How Do You Acquire Customers as a Startup? Well, I Got My First 100 Via Reddit

26 Apr 2024

Getting your first 100 users isn't easy. Here's how I do it with Reddit, where most people don’t care about your products and hate advertising

Sitting in our office (a fancy word for our favorite coffee shop), I mumble, “I thought I would do A/B testing and analysis!?” Man, was I naive! Where do you find the data to do that when the only people who know about your app are four dudes you have hung out with since high school?

After devouring almost everything I could about growth for early startups, I realized the solution: Do things that don’t scale.

And the first channel: Reddit!

“It’s gonna be an easy game.”

I thought, 'It's going to be easy because I built my TikTok channel from 0 to 2x thousands of followers. I will have hundreds of sign-ups in just three days.” Right?

Over the next few weeks, I immersed myself in Reddit, exploring every possible subreddit related to my industry (notetaking), and did two things:

  • Write heartfelt posts about why I built my product, its features, and how it will help users.

  • Reply to comments as quickly as possible to build momentum and generate buzz.

It seemed easy as I sat sipping my coffee and typing away. I had dozens of subreddits to explore and hours to spare. Plus, my product vision is superb – who wouldn’t want to try it? It was a no-brainer. Within a few hours, I had already posted dozens of posts and comments.

I noticed that my Reddit notifications were blowing up – I must be doing a good job. Ha ha ha.

“Uhmm, I don’t expect this”

As I opened those notifications, I geared up to respond to the enthusiastic comments from my beloved early adopters.

But, surprise, surprise, by being a dedicated “advertiser,” I found myself banned from some of the biggest relevant subreddits. Not only that, but I received a barrage of downvotes for what seemed like explicit advertising!

“No worries,” I reassured myself, “it's just some outliers.” However, as days passed, it dawned on me: the outlier was me. With early responses branding me as a scam, I couldn’t help but smile wryly and wonder, “Why do I have to go through this? Is it even worth it when you receive so much criticism?” When hundreds of people are downvoting your every move, such thoughts inevitably arise.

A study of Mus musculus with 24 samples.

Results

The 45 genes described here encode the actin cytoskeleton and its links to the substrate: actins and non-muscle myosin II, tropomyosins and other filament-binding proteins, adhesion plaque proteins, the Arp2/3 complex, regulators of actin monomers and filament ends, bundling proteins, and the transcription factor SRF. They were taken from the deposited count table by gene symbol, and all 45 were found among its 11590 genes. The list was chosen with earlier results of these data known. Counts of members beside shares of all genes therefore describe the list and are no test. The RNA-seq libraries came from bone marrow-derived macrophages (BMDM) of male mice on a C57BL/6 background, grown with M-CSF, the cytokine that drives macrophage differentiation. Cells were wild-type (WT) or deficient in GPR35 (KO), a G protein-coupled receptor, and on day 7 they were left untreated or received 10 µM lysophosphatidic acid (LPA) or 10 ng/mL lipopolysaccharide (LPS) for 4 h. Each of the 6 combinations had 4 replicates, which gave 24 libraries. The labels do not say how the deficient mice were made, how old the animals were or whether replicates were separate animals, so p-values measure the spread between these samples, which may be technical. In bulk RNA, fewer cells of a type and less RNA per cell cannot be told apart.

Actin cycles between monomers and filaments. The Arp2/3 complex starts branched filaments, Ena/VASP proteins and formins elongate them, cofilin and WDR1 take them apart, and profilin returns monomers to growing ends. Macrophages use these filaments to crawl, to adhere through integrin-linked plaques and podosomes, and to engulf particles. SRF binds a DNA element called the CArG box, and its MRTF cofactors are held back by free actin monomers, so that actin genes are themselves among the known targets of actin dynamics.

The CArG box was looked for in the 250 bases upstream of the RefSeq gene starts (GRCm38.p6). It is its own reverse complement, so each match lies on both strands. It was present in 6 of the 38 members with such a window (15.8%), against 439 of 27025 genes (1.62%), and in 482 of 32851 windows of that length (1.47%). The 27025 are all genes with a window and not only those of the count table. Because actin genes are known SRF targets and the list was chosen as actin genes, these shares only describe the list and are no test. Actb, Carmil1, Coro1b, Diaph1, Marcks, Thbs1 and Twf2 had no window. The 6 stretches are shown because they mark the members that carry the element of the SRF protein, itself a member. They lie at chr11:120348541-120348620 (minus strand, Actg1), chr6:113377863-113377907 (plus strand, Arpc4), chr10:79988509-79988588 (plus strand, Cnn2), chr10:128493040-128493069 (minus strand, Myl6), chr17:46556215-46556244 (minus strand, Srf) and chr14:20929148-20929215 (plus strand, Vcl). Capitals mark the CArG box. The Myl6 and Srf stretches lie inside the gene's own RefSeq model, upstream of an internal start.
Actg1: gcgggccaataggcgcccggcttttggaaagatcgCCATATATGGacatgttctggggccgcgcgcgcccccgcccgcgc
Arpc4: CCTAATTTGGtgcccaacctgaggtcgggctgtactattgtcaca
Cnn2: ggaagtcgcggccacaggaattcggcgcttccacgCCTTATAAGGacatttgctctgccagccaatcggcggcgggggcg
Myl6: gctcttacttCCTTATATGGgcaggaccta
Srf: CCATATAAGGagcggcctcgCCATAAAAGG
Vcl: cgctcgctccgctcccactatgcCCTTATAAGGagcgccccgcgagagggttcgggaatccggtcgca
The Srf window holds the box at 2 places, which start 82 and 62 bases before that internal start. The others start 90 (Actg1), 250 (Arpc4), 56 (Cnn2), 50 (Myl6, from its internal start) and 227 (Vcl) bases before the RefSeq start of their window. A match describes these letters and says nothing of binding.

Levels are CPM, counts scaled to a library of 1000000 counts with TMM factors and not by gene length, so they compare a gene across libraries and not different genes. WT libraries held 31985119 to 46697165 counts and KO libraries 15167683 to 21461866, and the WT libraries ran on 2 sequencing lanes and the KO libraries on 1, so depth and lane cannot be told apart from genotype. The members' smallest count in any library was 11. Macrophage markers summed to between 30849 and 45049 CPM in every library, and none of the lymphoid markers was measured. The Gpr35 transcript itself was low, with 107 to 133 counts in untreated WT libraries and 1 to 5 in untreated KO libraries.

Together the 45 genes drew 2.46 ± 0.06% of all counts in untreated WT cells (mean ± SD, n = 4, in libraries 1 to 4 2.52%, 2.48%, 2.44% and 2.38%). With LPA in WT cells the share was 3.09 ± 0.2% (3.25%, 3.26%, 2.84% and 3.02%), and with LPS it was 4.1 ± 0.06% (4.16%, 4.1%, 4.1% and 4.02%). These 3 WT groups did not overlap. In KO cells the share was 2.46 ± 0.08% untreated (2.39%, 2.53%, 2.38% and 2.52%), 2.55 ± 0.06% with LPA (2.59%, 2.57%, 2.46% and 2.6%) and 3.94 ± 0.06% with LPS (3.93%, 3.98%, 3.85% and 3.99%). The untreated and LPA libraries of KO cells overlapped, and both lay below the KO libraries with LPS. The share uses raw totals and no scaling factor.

I contemplated shifting focus to another channel, convincing myself that Reddit simply didn’t align with my product— “Focus on the Channel Product Fit,” I said

The Change

But fortunately, I didn’t take that route. Instead, I resolved to make it work. I delved deeper into what resonated with Reddit and what didn’t. I realized that to succeed in this channel would take blood, sweat, and tears.

I then opted for a more subtle approach:

  • Write an added post; mention your product only when allowed to.
  • Instead of writing a post, find a post where people are looking for solutions that are relevant to you.
  • DM people looking for those tools

And I was relentless. Every post, every person—I reached out to them all. Yes, I mean every single one. I still stored the hundreds of post links and the people I DM’d back then. It wasn’t a scalable approach, but it was what I needed to do to get the word out when I was just starting out.

How to be good at this? I’m still learning, but the key is:

  • Don’t explicitly advertise unless permitted.
  • When DM, instead of directly selling, ask about their problems to determine if your products are relevant.
  • Relevancy is crucial; seek out relevant individuals, subreddits, and posts.
  • How do I find them? I typed every relevant keyword in the chat and joined any relevant subs from the search.

After putting in a lot of effort, I finally managed to make some headway for my product on Reddit. I accumulated hundreds of thousands of views, attracted initial users, and continue to receive a decent number of referrals from Reddit every day.

find customers

So, there you have it – how I find customers via Reddit.

Next up, LinkedIn – Hm, wait a second, was I just scolded?